Gov. Andrew Cuomo said today he would not tell the Assembly how to run its business—but expressed little confidence in a plan for a committee of Assembly members to rule in place of Speaker Sheldon Silver, who is facing criminal corruption charges.
“I’m focused on the functionality of government, and I want to know what the mechanism is that will replace the speaker. As I’ve said all I know is what I’ve read, the quote-unquote committee—I don’t know what that means. I can’t negotiate with a committee,” Mr. Cuomo told the Observer today during a storm briefing at his Manhattan office.
Mr. Cuomo said he did not know much about the proposal, beyond what was written in the papers. It has been reported that Mr. Silver would step back from his duties as speaker—though would not resign the title—and would put five lawmakers in charge of running the Assembly in his stead, the Daily News reported. They would be Majority Leader Joseph Morelle of Rochester, Brooklyn Assemblyman Joseph Lentol, Manhattan Assemblyman Herman Farrell Jr., Queens Assemblywoman Catherine Nolan and Bronx Assemblyman Carl Heastie.
The arrangement was designed in part to remove the speaker, and the scandal surrounding him, from upcoming budget negotiations—but the governor’s remark that he cannot negotiate with a committee throws some cold
“I’m not going to tell them how to run the Assembly. To the extent I have to interact with the Assembly, committee, management by committee, I’ve never been a fan of and I’ve never seen it work well—so I’d like to see what the actual configuration is,” Mr. Cuomo said.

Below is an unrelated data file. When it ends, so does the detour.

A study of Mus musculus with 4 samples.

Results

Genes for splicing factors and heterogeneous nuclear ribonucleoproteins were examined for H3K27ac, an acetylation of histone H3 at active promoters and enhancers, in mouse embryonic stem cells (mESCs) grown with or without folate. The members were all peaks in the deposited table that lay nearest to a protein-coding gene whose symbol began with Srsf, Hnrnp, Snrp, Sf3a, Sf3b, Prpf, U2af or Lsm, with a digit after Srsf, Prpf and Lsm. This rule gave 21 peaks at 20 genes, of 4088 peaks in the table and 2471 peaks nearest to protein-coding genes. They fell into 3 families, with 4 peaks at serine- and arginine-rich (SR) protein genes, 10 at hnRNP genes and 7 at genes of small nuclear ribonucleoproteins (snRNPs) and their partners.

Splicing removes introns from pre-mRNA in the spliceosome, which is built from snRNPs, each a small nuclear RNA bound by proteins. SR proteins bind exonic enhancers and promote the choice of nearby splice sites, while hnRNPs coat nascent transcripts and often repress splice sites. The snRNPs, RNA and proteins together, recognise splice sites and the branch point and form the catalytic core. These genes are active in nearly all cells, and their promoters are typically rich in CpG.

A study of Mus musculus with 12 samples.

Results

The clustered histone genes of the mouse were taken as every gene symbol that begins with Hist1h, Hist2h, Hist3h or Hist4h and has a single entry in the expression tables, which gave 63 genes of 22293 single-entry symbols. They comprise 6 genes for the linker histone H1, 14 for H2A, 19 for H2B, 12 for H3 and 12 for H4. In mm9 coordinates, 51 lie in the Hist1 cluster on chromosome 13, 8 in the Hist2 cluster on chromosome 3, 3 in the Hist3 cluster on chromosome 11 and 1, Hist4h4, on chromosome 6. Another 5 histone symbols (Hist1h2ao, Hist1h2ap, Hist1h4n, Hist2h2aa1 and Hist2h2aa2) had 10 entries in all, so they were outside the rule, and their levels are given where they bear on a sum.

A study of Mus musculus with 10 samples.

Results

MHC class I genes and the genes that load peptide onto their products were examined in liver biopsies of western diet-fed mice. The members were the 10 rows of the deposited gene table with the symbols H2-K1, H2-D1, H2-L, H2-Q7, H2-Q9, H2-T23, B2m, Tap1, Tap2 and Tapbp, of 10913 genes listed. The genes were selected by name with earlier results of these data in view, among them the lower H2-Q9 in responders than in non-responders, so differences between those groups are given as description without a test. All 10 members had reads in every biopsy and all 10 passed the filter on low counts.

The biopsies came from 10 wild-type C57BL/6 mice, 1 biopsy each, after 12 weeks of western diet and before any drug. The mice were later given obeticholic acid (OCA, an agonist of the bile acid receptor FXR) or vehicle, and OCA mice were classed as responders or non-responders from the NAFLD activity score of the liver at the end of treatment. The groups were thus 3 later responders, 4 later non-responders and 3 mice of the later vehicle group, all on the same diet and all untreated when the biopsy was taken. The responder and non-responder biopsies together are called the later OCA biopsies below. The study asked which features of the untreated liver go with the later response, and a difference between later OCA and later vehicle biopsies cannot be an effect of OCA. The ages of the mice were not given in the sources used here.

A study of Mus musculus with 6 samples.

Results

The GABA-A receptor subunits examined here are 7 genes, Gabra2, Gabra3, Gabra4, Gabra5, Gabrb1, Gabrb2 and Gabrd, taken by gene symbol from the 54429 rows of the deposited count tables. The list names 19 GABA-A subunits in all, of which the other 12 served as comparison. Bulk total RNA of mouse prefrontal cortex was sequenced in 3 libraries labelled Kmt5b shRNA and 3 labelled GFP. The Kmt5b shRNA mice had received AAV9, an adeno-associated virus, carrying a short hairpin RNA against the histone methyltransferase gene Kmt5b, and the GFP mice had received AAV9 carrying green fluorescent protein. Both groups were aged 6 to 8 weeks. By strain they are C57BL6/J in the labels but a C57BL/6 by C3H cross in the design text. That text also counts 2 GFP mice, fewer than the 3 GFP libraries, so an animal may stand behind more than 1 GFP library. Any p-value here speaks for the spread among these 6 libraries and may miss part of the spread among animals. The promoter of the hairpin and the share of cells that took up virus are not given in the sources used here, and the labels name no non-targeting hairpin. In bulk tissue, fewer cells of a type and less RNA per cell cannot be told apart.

Mr. Silver has been charged by U.S. Attorney Preet Bharara with masking millions of dollars in bribes and kickbacks as income from two law firms, while essentially performing no work for the companies.
Despite the governor’s strong reservations about the plan in place to take over Mr. Silver’s duties—and his repeated urging that the scandal not get in the way of the functioning of government—Mr. Cuomo did not call for Mr. Silver to resign his post as speaker, as some, including speaker candidate Assembly Keith Wright, have begun to do this week. Still, he said a single person taking over for Mr. Silver would make his job a lot easier.
“It’s not really my place to tell them how to run their business. For my own selfish point of view, I don’t understand how you negotiate with a committee—how I negotiate with a committee,” he said again when asked if he would prefer a single person other being voted speaker in Mr. Silver’s wake.
In terms of the charges against Mr. Silver, Mr. Cuomo called it a “terribly unfortunate situation.”
“We’re trying to build trust in the system, and this is a negative that just brings up all the worst stereotypes of government,” he said.
And while the charges stem in part from evidence uncovered by the Moreland Commission—which Mr. Cuomo shuttered early, much to the chagrin of good government types and prompting an investigation from Mr. Bharara—the governor today said he had no regrets about ending the corruption-busting panel when he did.
“If anything, you look at the laws that we’ve actually passed over the years which have brought more disclosure than ever before and more disclosures for legislators of outside income—which is what this is really about,” Mr. Cuomo said. “I think that those laws actually were the genesis of bringing these issues to light.”